Is there some kind of promise that all Jews will be in the World to Come? Some kind of “spiritual green card”? This doesn’t make complete sense to me. Isn’t the World to Come something that one has to earn?
Your intuition is right. There’s no favoritism regarding entry to the World to Come and a person has to earn it.
The teaching you’re referring to is a statement of the Sages (Sanhedrin 90a) that says, “All Israel have a portion to the World to Come”. This is the source for the popular misconception that every Jew automatically gains entry to the World to Come on what would be akin to a “spiritual green card”. However, a close look at the original Hebrew reveals the true meaning of the statement.
The phrase in Hebrew is “kol Yisrael [all Israel] yesh lehem chelek [have a portion] l’olam haba”. Now if “l’olam haba” meant “in” the World to Come, grammatically the phrase should read “b’olam haba”, with a ‘beit’. But rather than a ‘beit’, there’s a ‘lamed’ which means not “in” but “to”. So grammatically speaking what the teaching is saying is that every Jew has a portion “to” the World to Come.
So what does this mean, what’s the difference?
The idea is exactly as you guessed. By G‑d’s giving the Torah and commandments to the Jews, He gave them a venue through which to earn a portion in the World to Come. But there’s no automatic membership. A Jew has to earn it by living his life according to G‑d’s will. What he’s guaranteed is that if he does lead a life of Torah and mitzvot, this will get him to the World to Come. By the way, other sources (Sanhedrin 102b; Rambam, Teshuva 3:5) assert that righteous non-Jews also merit the World to Come, but this particular teaching is referring specifically to Israel.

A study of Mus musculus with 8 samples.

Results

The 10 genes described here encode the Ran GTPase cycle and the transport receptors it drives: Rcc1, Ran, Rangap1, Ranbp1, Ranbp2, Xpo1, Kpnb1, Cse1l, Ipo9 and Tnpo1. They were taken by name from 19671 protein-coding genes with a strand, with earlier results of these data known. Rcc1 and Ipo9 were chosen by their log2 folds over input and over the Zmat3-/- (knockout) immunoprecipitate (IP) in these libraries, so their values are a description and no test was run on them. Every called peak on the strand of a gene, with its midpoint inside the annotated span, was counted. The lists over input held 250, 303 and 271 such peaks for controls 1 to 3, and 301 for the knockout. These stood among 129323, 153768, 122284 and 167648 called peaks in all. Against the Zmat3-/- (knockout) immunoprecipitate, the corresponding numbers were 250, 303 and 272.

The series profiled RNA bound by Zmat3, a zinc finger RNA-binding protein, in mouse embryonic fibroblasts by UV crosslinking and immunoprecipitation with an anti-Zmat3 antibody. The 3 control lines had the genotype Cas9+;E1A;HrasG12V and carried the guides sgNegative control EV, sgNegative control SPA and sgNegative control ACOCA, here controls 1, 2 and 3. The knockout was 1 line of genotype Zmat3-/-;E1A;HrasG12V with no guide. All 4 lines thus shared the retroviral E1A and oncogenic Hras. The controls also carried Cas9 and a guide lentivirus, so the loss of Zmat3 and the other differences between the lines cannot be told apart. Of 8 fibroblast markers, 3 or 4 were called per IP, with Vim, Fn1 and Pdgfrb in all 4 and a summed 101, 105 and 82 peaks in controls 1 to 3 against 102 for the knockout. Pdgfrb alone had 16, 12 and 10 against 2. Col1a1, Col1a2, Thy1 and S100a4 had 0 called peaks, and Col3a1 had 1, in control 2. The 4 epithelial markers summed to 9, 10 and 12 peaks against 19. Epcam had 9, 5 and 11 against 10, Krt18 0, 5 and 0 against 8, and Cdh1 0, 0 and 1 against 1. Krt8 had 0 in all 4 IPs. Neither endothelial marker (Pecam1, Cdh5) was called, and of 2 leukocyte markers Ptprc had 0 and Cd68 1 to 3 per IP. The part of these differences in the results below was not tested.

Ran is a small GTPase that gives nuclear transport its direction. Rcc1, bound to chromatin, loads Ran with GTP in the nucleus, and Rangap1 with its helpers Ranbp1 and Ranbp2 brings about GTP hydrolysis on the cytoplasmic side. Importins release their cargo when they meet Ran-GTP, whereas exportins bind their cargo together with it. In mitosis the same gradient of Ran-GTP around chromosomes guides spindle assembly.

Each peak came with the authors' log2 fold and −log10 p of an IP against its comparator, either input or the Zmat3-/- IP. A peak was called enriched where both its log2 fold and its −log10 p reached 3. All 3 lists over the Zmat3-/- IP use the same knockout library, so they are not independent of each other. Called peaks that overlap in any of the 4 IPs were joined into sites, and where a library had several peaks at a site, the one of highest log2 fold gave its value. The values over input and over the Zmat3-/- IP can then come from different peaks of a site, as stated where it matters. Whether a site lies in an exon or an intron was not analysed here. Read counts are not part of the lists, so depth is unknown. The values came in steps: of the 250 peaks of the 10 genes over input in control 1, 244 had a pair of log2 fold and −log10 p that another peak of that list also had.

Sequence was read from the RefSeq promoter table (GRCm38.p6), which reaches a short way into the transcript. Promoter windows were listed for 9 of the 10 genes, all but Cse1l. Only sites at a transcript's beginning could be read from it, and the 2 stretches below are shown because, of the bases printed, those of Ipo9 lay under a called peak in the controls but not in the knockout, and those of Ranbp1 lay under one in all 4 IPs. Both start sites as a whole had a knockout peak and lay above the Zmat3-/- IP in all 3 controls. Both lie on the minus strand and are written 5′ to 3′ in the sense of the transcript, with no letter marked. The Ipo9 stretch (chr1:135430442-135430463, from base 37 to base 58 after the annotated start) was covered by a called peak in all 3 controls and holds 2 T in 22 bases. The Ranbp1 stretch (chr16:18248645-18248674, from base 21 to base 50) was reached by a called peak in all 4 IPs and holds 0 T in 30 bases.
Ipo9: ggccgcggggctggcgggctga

In that vein, there is an idea that links this particular teaching to the Jews. The word “Yisrael” used here is spelled ‘yud’, ‘sin’, ‘reish’, ‘alef’, ‘lamed’. This forms an acronym which refers to all of the Patriarchs and Matriarchs of the Jewish People: ‘yud’ – Yitzchak and Ya’akov; ‘sin’ – Sarah; ‘reish’ – Rivka and Rachel, ‘alef’ – Abraham; ‘lamed’ – Leah. Their descendants were given a sure path to the World to Come on condition that they follow in their footsteps.
Another inspiring idea associated with this teaching’s use of the term “Yisrael” is related to its usage in the Torah. Recall that Jacob wrestled through the long, dark night with a spiritual being who tried to overcome him (Gen. 32:25-29). Jacob tenaciously held on till morning when he demanded a blessing from this spiritual foe turned friend. To mark Jacob’s triumph over spiritual opposition, he was given the name Yisrael.
Accordingly, when the teaching says, “all Yisrael have a portion to”, it reveals the central prerequisite for finding the path and embarking on the journey to the World to Come. Namely, the need for a Jew, each individual according to his own level and abilities, to wrestle with spirituality, tenaciously strive for truth and ultimately transform the struggle to a spiritual asset and blessing. Thus, one whose approach to spirituality is that of “Yisrael” is on a sure path to earning a portion in the World to Come.